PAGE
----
Since the last flight of the Concorde, a turbo-jet powered supersonic passenger plane, in 2003, jet travel has been stubbornly stuck at the same subsonic speed.As the troubled history of the Concorde (and its lesser Soviet counterpart, the Tupolev Tu-144) showed, supersonic air travel depends on overcoming a lot of obstacles, from the pesky sonic boom to high cost, safety issues and insatiable fuel consumption.
But the dream of jetting from New York to Tokyo in under three hours hasn’t been abandoned. Among travellers, especially the wealthy, there’s still demand for shorter flight times, especially since air travel has become so unpleasant in recent years. And there’s a young but growing market to meet that demand. More than a few private aerospace companies hope to cash in on the (really) high speed jet travel market. And NASA’s in on the game, too.
There’s no great secret to supersonic flight: It’s about adding power until the aircraft can break the sound barrier. That power has always come from conventional fuel, and lots of it. With the clock ticking on fossil fuels, future aircraft will need to use less fuel or rely on renewable energy sources.
Hypermach Aerospace Ltd is working on a hybrid electric turbine propulsion system to power the SonicStar jet it’s developing. More outlandishly, EADS, the parent company of Airbus, wants to use biofuel made from seaweed in the Zero Emission Hypersonic Transport (ZEHST), which will fly at Mach 4. That’s a lot of seaweed, but since EADS notes the ZHEST won’t be ready for at least 40 years, it has the time to figure everything out.
Trickier than the fuel dilemma is the problem posed by the sonic boom. When an aircraft travels faster than the speed of sound (768 mph), it pushes air molecules aside with enough force to create a shock wave, resulting in a thunder-like boom. Even when it is generated thousands of feet above the ground, that boom is so loud that the United States banned supersonic flight over its territory. Other countries did the same, drastically limiting the routes the Concorde could fly, hurting its economic potential.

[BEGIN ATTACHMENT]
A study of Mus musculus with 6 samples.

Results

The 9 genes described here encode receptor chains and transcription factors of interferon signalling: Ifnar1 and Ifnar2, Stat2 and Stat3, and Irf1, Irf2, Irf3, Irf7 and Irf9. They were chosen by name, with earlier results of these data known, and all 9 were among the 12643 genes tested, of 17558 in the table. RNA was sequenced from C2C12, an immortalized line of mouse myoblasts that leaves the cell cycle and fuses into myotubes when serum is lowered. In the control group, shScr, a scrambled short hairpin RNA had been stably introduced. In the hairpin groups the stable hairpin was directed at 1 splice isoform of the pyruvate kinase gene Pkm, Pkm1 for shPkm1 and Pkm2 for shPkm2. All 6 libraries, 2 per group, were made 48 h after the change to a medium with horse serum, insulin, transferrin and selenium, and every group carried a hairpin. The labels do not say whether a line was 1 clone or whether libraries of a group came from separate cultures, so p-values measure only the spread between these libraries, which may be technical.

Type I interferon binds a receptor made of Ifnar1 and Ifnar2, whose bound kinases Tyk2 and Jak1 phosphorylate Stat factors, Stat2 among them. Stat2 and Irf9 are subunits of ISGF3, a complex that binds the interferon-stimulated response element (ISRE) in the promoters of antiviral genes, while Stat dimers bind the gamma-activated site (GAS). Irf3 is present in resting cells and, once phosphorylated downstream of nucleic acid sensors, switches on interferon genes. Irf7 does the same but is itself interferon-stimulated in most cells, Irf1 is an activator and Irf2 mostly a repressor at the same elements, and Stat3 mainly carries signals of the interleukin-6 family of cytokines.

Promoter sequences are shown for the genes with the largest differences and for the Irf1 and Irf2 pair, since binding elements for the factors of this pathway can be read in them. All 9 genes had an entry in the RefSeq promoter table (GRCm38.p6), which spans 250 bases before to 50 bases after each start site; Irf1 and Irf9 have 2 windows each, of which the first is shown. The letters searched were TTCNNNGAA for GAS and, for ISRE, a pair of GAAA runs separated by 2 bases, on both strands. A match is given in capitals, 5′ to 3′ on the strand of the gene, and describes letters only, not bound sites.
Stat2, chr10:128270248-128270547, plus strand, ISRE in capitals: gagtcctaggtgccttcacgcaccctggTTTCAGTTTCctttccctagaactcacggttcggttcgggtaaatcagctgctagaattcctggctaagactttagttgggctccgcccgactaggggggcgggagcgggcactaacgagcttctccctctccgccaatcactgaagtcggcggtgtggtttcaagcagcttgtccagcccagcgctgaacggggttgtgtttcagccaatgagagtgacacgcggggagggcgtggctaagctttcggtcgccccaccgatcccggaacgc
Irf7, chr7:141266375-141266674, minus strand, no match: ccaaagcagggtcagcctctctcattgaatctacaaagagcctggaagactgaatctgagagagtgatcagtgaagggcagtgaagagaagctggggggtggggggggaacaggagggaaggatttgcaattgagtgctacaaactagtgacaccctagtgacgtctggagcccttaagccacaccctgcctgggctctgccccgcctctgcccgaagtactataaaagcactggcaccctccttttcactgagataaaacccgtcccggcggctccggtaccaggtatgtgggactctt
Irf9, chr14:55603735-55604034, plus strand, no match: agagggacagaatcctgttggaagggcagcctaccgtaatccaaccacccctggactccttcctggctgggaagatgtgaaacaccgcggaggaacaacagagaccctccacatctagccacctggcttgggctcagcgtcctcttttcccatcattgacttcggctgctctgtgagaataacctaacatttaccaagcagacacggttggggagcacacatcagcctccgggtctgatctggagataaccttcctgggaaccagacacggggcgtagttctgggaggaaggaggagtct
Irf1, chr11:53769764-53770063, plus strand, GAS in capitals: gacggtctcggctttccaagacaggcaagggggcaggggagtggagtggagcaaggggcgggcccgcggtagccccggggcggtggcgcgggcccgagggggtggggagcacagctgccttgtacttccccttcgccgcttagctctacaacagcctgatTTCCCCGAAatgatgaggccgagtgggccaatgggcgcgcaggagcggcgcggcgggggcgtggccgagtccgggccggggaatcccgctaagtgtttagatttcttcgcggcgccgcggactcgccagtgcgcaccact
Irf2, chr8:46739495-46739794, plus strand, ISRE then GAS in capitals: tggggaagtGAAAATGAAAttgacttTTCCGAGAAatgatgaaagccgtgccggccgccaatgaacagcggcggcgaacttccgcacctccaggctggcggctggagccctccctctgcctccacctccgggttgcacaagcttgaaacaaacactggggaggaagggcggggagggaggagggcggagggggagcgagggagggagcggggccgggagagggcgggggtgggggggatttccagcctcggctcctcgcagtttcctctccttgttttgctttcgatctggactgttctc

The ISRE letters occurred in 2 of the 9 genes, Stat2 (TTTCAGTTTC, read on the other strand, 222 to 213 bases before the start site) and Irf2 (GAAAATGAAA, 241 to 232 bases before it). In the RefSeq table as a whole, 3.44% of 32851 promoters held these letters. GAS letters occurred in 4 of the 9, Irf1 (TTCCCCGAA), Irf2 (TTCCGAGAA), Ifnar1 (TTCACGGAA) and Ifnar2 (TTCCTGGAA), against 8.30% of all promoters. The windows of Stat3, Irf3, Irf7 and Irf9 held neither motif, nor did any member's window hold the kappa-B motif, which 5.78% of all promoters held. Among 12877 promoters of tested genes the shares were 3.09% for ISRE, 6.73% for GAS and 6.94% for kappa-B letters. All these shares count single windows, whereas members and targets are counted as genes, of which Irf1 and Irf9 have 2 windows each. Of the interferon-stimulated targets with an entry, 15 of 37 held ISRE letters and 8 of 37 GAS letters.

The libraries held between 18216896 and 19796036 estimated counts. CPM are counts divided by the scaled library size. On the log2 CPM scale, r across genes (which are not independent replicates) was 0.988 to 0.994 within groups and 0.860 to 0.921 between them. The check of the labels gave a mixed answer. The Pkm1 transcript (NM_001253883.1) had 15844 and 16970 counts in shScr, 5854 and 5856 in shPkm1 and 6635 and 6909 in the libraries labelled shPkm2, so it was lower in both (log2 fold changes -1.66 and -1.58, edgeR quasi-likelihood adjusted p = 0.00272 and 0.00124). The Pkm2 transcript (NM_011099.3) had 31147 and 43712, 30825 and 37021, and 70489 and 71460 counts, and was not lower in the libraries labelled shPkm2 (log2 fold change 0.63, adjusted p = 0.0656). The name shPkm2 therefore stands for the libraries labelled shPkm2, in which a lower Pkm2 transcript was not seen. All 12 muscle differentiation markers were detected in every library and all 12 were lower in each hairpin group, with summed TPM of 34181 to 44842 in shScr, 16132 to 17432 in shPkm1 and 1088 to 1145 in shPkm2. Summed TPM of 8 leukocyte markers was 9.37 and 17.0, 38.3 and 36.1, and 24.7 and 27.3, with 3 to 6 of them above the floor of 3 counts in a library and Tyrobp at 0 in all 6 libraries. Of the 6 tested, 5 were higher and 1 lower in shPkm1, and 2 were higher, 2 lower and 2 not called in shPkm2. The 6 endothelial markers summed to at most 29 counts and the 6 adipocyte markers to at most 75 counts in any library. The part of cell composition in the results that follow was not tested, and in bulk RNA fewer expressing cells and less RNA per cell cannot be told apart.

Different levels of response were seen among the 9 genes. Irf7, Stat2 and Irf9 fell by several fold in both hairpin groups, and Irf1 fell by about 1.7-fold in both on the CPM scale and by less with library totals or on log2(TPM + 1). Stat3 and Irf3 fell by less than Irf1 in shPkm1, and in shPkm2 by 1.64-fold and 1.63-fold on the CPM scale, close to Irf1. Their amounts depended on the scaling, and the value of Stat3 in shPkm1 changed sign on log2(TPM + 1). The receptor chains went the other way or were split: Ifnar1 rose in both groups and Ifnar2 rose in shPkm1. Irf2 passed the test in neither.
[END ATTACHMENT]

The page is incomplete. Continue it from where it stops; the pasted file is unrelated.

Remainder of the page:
To bring back supersonic flight, aircraft designers have to find a way to eliminate the boom, or quiet it enough to make it acceptable. One proposal by Lockheed Martin includes the installation of an inverted-V on the aeroplane’s tail, which the corporation believes could limit the level of sonic booms.
There’s another way to eliminate the boom: leave the atmosphere altogether. XCOR Aerospace believes the future of high speed travel is in outer space. “Rockets are the way to go,” says COO Andrew Nelson. XCOR is pioneering the idea of point-to-point space travel, starting with the Lynx, a suborbital commercial spacecraft that will take off and land like a conventional plane, but cruise at Mach 3.5 (2,688 mph). It will be “much more like a fighter pilot experience” than business class, says Nelson, but it will make for an incredibly quick trip: New York to Tokyo in 90 minutes.
As to when supersonic flight will be available to anyone who can afford it, the estimates range tremendously. Aerion is already working with FAA officials to secure certification for its Supersonic Business Jet, which it aims to have in the air by the end of the decade.
XCOR hopes to start test flights of the Lynx by early 2013, with the goal of offering point-to-point travel (as opposed to taking off and landing in the same place) by 2030. The ZEHST is shooting for 2050; JAXA, the Japanese equivalent of NASA, conservatively bets economical and environmentally-friendly supersonic travel will be available “in the 21st century.”
Of course, “economical” is a relative term. These aircraft, like the Concorde before them, will be the preserve of the wealthy. That isn’t to say high speed flight will always remain off limits to the middle class. Aviation has been a commercial industry for little more than a century, and is now widely accessible.
Once the technology is established, airlines will likely compete to offer it to more and more customers, for lower and lower prices. International business will get easier, friends and families separated by oceans will see each other more often, and the world will get a little smaller.